Editing Types

If you go to ten different editing Web sites, you are likely to get ten slightly different definitions of the different types of book editing. Although the general definitions are the same, each editor has different comfort levels with different types of editing, and each editor draws the dividing lines between them at slightly different places.

At Speculations Editing Services, I offer several types of editing. The terms that I use are particular to me and my style of editing. I edit short stories, novellas, novels, and even partial manuscripts. I will be happy to look at your work whether you intend to self-publish as an indie author or submit your manuscript for publication through an agent or publishing company.

Manuscript Evaluation

A manuscript evaluation includes one or two read-throughs of your manuscript. I will then provide you with a short  (5- to 10-page) editorial letter that covers the whole picture of the novel and what is working and what might be hampering the story. This is a big-picture evaluation on a basic level.

Developmental Editing

Developmental editing is also about the big picture, but during this process, I will evaluate each element of your story in detail. I will read through the manuscript at least twice, once to get an overall feel for the tone, theme, and flow of the story and as many times thereafter as it takes me to develop a comprehensive (10- to 20-page) editorial letter for you.

My editorial letter will cover aspects such as theme, audience, structure, plot, characterization, point of view, setting, and tone. I will point out the strengths and weaknesses of the manuscript and give you ideas for eliminating the weaknesses and making the most of the strengths. I will give you a detailed analysis and guide so that you can work with your manuscript to make it stronger, more engaging, and more entertaining. I will help you make sure that your goals for your manuscript (whether complete or partial) align with what you have written on the page.


Because I am a bit of a perfectionist when it comes to the English language (as any editor well should be), any copyedit that I provide is a deep copyedit of the manuscript. Using Microsoft Word’s Track Changes feature, I will edit your manuscript from the top down and will address issues related to overall consistency (“Are his eyes blue or brown?”), style, flow, sentence structure, consistency in point of view and characterization, and so on by making actual changes to the manuscript or querying you for more information when an immediate solution is not clear. I will also check and make changes to your manuscript to address issues such as grammar, punctuation, spelling, capitalization, and correct word choice (e.g., there vs. their). You will have a chance to review all of the changes, and then I will do a final pass of the manuscript to catch any stray issues or new errors that were introduced by either one of us as changes were made.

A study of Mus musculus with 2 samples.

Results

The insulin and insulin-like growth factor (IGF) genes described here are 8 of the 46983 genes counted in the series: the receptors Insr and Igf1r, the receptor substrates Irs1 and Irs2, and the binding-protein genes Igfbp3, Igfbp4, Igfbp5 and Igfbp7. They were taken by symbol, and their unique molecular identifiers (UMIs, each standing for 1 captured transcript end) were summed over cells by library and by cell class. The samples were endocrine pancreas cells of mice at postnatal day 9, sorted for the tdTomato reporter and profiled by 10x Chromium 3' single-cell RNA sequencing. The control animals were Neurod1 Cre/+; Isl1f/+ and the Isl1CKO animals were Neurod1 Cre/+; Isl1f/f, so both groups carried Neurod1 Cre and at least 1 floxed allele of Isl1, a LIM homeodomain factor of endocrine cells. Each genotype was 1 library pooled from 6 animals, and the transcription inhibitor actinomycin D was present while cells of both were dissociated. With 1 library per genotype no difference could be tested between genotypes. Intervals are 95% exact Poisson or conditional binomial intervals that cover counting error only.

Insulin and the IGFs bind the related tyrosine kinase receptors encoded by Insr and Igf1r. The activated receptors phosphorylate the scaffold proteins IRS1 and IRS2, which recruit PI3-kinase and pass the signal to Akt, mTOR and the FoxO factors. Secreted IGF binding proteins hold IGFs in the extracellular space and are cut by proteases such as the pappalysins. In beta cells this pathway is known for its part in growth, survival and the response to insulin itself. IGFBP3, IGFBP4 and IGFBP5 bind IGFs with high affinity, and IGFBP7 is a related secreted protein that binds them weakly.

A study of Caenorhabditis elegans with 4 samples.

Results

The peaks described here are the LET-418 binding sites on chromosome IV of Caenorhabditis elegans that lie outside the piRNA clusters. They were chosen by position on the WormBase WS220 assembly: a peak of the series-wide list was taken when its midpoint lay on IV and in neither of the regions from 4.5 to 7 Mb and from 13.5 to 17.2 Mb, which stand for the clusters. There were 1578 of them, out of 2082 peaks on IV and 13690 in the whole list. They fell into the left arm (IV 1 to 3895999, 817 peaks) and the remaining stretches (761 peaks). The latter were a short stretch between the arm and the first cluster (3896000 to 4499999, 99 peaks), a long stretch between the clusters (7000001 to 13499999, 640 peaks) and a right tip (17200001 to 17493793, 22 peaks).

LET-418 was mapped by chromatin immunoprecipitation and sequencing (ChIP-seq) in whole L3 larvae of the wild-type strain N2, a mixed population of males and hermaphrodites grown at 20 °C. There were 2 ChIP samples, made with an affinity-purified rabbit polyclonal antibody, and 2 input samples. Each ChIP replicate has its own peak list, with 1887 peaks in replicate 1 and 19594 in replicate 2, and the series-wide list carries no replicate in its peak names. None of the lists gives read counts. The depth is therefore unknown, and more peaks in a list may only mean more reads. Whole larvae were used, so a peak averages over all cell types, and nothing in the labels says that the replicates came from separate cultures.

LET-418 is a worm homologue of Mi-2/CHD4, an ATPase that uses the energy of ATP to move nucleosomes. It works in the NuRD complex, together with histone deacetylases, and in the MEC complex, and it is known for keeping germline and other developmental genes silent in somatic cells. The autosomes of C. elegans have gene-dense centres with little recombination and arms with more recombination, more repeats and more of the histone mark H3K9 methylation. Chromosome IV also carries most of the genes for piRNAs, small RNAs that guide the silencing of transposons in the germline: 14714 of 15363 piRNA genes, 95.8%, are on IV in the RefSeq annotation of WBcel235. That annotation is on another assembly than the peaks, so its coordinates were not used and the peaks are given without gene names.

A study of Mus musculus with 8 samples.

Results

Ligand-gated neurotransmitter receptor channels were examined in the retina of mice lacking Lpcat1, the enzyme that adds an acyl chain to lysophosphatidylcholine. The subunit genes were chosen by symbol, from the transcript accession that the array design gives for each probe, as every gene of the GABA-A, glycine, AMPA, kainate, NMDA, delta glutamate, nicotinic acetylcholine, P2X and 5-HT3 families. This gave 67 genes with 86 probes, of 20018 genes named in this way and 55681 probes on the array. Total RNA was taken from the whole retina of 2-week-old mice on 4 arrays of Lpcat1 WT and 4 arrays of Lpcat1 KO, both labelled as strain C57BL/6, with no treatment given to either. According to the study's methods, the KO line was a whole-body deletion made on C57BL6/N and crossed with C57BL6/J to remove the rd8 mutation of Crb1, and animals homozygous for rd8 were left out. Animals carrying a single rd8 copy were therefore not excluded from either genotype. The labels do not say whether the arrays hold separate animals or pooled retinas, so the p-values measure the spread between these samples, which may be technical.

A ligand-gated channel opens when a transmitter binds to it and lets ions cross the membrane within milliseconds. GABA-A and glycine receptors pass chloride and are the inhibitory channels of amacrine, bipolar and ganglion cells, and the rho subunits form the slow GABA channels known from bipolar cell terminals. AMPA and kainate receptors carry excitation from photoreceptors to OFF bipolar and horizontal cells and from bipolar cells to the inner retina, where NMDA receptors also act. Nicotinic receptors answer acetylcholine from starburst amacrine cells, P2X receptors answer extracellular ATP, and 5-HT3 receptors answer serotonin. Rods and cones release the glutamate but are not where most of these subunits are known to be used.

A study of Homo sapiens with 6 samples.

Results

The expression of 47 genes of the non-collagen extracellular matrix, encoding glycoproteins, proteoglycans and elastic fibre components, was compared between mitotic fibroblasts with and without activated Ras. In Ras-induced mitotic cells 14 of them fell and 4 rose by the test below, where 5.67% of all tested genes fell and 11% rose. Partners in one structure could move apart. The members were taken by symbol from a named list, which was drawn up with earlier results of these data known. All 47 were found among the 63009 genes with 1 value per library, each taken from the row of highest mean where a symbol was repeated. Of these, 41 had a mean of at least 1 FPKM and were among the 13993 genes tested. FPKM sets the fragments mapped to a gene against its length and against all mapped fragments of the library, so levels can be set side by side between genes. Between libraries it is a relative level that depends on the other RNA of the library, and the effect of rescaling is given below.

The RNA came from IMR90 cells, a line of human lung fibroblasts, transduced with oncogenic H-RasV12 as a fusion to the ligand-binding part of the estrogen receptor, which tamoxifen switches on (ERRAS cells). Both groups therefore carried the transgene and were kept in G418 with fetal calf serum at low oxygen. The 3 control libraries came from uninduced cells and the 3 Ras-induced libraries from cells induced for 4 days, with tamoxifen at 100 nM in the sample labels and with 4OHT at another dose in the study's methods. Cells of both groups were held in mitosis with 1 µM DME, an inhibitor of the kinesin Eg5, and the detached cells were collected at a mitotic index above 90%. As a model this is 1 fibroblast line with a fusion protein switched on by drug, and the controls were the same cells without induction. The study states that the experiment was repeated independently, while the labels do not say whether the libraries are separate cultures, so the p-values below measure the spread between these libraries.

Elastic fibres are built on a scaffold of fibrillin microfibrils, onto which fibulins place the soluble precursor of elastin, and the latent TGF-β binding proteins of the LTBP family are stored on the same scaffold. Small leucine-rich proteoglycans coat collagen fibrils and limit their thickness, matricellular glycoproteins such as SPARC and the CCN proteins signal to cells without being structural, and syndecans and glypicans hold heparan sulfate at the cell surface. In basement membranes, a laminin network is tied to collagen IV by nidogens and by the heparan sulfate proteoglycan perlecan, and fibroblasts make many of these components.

Proofreading is the very last stage of editing before a work is published. Proofreading is not “light copyediting.” Proofreading happens after the manuscript has been fully copyedited and formatted for publishing. This is the final once-over that is done to ensure that minor errors in grammar, spelling, punctuation, and language (such as consistencies in the use of British versus American English) do not slip by.

Disclaimer: Before any editing occurs, I will generally ask to see a sample of your manuscript to evaluate the type of editing that I would recommend for your work (please see my Rates and Processes page for more information). In the end, the choice is yours as to which level of editing (if any) that you choose. I may recommend a developmental edit, but you may choose a copyedit instead. Please understand that I will only do the work that has been requested at the appropriate rate. Copyediting will not improve your story’s structure, and developmental editing will not fix the grammar and spelling mistakes in your manuscript.  Ultimately, you are responsible for the content of your work and its “life” after editing.